The latest Bibby Barometer Small Business Survey conducted by Bibby Financial Services - Flexible Cash Flow Solutions reveals that the survival of 22% of SMEs was threatened over the past 12 months due to cash flow shortages.
The Bibby Barometer Small Business Survey is a national study run twice yearly to survey primary decision makers in over 200 non-retail SMEs.
Key findings from the survey conducted in February 2012 include the increasing concern of Australia’s small business owners about the current global economic situation with 47% more concerned than they were a year ago.
While 26% of decision makers had difficulties meeting liabilities to suppliers on time, 24% had difficulties making their tax payments. The majority of SMEs were also worried about interest rates with 54% believing that an interest rate hike of 25 basis points will impact their business.
A Bibby Barometer Index was constructed from the overall Bibby Barometer Small Business Survey to measure small business expectations for a healthy business environment based on intention to invest in the business, expectations of sales growth, ease of managing cash flow, business confidence, and levels of business stress.
Since the previous reading in July 2011, this Index shows that small business expectations have decreased overall by 6%.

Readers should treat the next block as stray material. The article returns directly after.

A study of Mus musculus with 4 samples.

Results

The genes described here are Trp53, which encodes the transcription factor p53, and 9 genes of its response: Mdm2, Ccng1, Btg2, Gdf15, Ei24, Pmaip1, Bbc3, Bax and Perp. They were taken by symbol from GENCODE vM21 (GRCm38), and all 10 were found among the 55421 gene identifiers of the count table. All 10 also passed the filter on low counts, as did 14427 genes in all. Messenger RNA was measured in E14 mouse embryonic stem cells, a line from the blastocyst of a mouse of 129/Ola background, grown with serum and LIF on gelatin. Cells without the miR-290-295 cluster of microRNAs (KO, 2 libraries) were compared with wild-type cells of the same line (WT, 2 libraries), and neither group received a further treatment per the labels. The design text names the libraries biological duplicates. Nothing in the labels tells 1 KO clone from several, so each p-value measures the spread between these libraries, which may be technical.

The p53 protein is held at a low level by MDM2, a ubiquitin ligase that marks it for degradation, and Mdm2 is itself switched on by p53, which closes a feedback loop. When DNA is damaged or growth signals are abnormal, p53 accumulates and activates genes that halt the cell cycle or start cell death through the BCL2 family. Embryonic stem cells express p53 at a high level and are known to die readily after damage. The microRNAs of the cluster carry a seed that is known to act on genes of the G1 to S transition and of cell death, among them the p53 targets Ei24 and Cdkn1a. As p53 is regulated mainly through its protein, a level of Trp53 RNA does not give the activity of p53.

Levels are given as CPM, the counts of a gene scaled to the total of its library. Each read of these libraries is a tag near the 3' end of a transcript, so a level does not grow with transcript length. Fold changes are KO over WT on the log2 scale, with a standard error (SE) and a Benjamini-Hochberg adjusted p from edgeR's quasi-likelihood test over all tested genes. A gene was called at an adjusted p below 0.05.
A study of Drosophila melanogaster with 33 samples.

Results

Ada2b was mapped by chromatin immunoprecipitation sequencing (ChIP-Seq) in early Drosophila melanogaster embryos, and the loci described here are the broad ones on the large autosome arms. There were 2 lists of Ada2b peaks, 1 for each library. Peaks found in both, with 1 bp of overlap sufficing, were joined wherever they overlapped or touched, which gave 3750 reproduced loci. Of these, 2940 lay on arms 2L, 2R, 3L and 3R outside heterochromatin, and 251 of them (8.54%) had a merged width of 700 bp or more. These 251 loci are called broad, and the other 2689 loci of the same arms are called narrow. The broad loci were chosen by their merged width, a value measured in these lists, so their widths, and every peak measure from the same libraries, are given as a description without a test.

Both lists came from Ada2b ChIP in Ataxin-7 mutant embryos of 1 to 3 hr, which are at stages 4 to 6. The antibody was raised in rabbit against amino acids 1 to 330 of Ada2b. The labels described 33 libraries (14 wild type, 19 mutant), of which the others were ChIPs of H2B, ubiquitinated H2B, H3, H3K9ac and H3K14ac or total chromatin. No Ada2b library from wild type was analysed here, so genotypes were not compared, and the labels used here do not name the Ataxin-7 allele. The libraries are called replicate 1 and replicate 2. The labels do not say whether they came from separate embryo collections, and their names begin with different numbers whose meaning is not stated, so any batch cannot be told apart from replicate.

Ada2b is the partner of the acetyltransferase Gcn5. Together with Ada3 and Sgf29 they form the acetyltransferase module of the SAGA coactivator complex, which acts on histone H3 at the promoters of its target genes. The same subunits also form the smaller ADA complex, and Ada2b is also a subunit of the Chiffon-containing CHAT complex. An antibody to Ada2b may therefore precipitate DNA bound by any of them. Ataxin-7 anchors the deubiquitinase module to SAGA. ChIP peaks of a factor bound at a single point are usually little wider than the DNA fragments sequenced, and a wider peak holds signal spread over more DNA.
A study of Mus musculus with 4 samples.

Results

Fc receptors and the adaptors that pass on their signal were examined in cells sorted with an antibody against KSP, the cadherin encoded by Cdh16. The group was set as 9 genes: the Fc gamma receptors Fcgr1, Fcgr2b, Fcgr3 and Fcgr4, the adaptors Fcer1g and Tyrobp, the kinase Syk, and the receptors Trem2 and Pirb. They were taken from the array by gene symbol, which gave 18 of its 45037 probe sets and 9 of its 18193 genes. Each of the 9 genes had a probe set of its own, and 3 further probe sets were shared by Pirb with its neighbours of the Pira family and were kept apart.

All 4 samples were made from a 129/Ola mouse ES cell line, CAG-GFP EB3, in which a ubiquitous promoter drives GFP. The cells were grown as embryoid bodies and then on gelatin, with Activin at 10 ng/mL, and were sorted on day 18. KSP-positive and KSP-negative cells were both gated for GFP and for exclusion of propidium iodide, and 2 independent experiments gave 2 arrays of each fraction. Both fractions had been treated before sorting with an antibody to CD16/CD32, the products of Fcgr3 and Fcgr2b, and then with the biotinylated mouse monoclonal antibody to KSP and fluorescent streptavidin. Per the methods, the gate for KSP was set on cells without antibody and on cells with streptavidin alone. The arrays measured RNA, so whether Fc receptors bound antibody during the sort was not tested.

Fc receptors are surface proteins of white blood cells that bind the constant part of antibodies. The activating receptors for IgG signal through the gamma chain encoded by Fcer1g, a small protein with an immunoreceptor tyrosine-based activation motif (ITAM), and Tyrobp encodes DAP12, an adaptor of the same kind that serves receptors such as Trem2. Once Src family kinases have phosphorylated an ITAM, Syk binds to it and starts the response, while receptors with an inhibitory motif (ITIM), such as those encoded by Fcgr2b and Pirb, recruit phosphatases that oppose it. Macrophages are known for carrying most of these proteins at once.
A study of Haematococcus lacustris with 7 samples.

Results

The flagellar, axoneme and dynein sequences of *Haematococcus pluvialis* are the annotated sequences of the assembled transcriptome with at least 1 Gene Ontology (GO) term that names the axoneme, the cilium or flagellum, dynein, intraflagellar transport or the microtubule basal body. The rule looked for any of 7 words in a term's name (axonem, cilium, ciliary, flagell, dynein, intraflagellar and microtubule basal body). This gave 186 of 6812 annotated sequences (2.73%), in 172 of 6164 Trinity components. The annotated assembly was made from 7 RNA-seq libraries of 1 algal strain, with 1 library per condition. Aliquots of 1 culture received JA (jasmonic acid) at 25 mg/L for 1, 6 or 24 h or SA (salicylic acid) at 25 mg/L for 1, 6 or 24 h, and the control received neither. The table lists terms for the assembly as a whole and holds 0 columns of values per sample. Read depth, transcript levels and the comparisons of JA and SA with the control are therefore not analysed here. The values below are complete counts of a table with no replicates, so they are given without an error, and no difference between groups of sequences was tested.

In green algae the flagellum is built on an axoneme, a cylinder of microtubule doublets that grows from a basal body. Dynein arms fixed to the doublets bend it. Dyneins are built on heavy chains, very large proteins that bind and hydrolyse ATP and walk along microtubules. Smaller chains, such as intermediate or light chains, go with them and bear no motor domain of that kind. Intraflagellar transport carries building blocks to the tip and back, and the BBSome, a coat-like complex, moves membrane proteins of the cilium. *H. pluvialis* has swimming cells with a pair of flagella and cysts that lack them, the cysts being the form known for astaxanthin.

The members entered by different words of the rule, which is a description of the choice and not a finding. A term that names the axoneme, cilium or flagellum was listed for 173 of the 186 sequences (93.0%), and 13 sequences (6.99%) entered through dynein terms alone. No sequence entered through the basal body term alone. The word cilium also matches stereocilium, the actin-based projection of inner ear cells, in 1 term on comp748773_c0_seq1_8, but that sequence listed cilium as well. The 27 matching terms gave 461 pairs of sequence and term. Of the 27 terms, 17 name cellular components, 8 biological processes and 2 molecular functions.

According to Greg Charlwood, Bibby Financial Services Managing Director, the second Bibby Barometer Index has revealed that expectations regarding sales growth have deteriorated and cash flow is more difficult with current global economic conditions not only impacting large corporations but also filtering down to Australia’s SME sector.
The Bibby Barometer Small Business Survey reveals that managing cash flow (39%) ranks at the same level as three other major business headaches: staffing issues (40%), a lack of time to enjoy family life (40%), and Government red tape and tax administration (39%).
The survey shows that delayed payments are a contributing factor to business cash flow problems, with 49% of small business decision makers experiencing delays in payment, and 27% experiencing bad debts in the past 12 months. Over a third (36%) in fact expect that the length of time they must wait to be paid will increase further in the coming quarter.
Another sore point with a majority of small business decision makers is the increasing requirement for security by banks, leading many small businesses to look beyond the traditional sources of funding. At least 34% of the respondents are more likely to seek credit from sources other than banks in the next 12 months.
The Bibby Barometer Small Business Survey also found that small businesses with 10 to 19 employees (63%) and those with turnover of $1M or more (64%) are most likely to feel that the banks require too much security.
Consequently, factoring is growing in popularity, since it gives SMEs almost immediate finance when they bill their clients without needing to provide their home or commercial property as collateral.